Friday, April 8, 2011

tasmanian holiday

A Tasmanian holiday to remember

'There's nothing like a sunset experience with good friends, each personality as different as the sea, sun and sand but together, a lasting memory to be cherished.'

Fun, friends and sunrise over a white beach – it was all a world away from Raja’s “boring and downright insane” study schedule in Malaysia. Raja and three of her friends had just finished another demanding semester in their architecture degree and were desperate for a holiday. They all agreed that Tasmania, with its pristine nature and tranquil pace, was the best place for a study escape.

“The holiday was memorable because both the company and destination complemented each other. What began as a simple road trip brought us closer as friends, despite our different nationalities and differences in opinions. Together, we were united and awed by the breathtaking sights of Tasmania’s nature,” Raja said.

Raja and her friends spent most of their holiday in and around Hobart, where as photography enthusiasts, they had a special appreciation for the historic architecture. They captured lots of great shots of Salamanca Place, with its cobblestone streets and rows of Georgian warehouses. They also climbed craggy, windswept Mount Wellington, photographing the panoramic vistas over Hobart and the Derwent River. After their descent, the group enjoyed what Raja described as “one of the best fish and chips” of her life, from a little shop near the Hobart waterfront.

Bruny Island wasn’t originally on the itinerary, but Raja and her friends decided to visit after discovering it was only a short drive and ferry ride from Hobart. They also liked the sound of its scenery - emerald countryside, plunging sea cliffs, fern-fringed forests, pristine beaches and coastal heathland. It was here that Raja took the photo which she entered in the Nothing Like Australia competition, and which came to symbolise the essence of her holiday.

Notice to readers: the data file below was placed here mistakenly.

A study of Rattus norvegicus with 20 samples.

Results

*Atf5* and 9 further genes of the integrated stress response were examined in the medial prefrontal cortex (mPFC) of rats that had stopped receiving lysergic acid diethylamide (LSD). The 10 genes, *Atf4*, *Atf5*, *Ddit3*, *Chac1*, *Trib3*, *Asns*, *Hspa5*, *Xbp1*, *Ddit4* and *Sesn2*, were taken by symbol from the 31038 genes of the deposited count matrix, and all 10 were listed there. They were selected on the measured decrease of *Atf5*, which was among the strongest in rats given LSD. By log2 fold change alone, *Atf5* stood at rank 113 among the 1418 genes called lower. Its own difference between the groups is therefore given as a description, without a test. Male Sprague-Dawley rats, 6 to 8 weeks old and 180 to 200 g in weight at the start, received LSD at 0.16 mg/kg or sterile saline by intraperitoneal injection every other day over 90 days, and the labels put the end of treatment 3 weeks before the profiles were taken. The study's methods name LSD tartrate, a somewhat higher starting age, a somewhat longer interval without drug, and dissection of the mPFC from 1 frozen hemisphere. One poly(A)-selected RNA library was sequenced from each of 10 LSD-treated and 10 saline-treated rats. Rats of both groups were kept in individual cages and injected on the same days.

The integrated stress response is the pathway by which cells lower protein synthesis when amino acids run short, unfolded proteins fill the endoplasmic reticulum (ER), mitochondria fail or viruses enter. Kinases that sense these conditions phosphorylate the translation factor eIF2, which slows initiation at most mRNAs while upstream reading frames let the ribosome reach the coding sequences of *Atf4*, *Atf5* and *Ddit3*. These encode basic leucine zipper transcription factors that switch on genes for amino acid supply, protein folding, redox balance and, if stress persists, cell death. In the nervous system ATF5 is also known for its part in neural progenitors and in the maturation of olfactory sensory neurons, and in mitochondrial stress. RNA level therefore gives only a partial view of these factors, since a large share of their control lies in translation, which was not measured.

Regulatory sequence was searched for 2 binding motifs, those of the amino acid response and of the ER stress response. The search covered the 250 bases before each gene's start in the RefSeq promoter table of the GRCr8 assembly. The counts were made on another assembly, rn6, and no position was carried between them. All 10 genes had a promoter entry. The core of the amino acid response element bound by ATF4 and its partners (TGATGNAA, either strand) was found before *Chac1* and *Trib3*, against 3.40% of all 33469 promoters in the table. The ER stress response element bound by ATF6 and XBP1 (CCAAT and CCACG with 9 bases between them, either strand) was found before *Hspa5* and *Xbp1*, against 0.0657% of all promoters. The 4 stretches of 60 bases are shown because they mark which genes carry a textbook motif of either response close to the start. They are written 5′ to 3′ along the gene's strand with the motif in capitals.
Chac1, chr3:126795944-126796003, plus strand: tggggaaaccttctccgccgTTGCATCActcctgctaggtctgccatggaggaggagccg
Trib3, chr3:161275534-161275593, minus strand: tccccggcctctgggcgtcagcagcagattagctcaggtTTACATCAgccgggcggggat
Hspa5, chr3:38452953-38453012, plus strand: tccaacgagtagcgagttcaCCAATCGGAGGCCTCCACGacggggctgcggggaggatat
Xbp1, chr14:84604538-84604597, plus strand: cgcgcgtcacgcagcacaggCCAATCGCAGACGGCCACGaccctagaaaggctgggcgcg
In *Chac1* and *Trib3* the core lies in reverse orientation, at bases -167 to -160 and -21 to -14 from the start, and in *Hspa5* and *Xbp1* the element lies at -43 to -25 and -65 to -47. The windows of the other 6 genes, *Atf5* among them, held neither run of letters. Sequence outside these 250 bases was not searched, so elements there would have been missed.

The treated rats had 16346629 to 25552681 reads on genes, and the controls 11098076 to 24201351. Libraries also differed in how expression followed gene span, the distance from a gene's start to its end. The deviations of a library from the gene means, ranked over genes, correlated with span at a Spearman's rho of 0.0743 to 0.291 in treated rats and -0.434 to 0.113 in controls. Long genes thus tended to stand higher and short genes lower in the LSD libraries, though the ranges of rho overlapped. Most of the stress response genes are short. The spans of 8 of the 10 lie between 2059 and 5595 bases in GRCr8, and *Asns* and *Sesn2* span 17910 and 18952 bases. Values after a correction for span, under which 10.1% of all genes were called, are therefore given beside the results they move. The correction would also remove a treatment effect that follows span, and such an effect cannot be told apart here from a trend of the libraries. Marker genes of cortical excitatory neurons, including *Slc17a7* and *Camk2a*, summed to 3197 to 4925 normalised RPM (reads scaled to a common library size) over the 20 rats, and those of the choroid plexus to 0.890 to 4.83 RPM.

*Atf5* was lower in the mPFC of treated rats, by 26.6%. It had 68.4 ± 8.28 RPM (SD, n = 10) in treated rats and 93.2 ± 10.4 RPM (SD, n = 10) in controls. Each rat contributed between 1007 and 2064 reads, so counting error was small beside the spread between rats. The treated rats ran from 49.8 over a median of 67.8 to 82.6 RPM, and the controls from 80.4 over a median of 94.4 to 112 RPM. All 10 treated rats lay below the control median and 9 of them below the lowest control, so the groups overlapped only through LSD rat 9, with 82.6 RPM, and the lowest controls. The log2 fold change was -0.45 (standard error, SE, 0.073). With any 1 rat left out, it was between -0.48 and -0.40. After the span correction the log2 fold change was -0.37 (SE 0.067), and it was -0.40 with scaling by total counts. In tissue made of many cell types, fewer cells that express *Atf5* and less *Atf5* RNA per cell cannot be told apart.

“We spent the night there to witness the sunrise and to take more pictures of us frolicking by the beach. It was in three words, a pleasant surprise,” said Raja, who also remembers sharing jokes with locals while waiting for the return ferry.

Later the group ventured along Tasmania’s east coast to Wineglass Bay on the Freycinet Peninsula. Despite missing out on seeing the famous sunset from the lookout, Raja and her friends treasured this time to commune with nature and bond with each other.

It certainly made a welcome change from Raja’s daily student life, which she describes as being “glued to my computer screen and leading a topsy-turvy schedule of eating and sleep.”

For her “next great Australian escapade”, Raja is determined “to set foot in Sydney’s famed Opera House and view the Sydney Harbour Bridge.” After that, she wants to discover Australia “by the chapters….like a great love story.”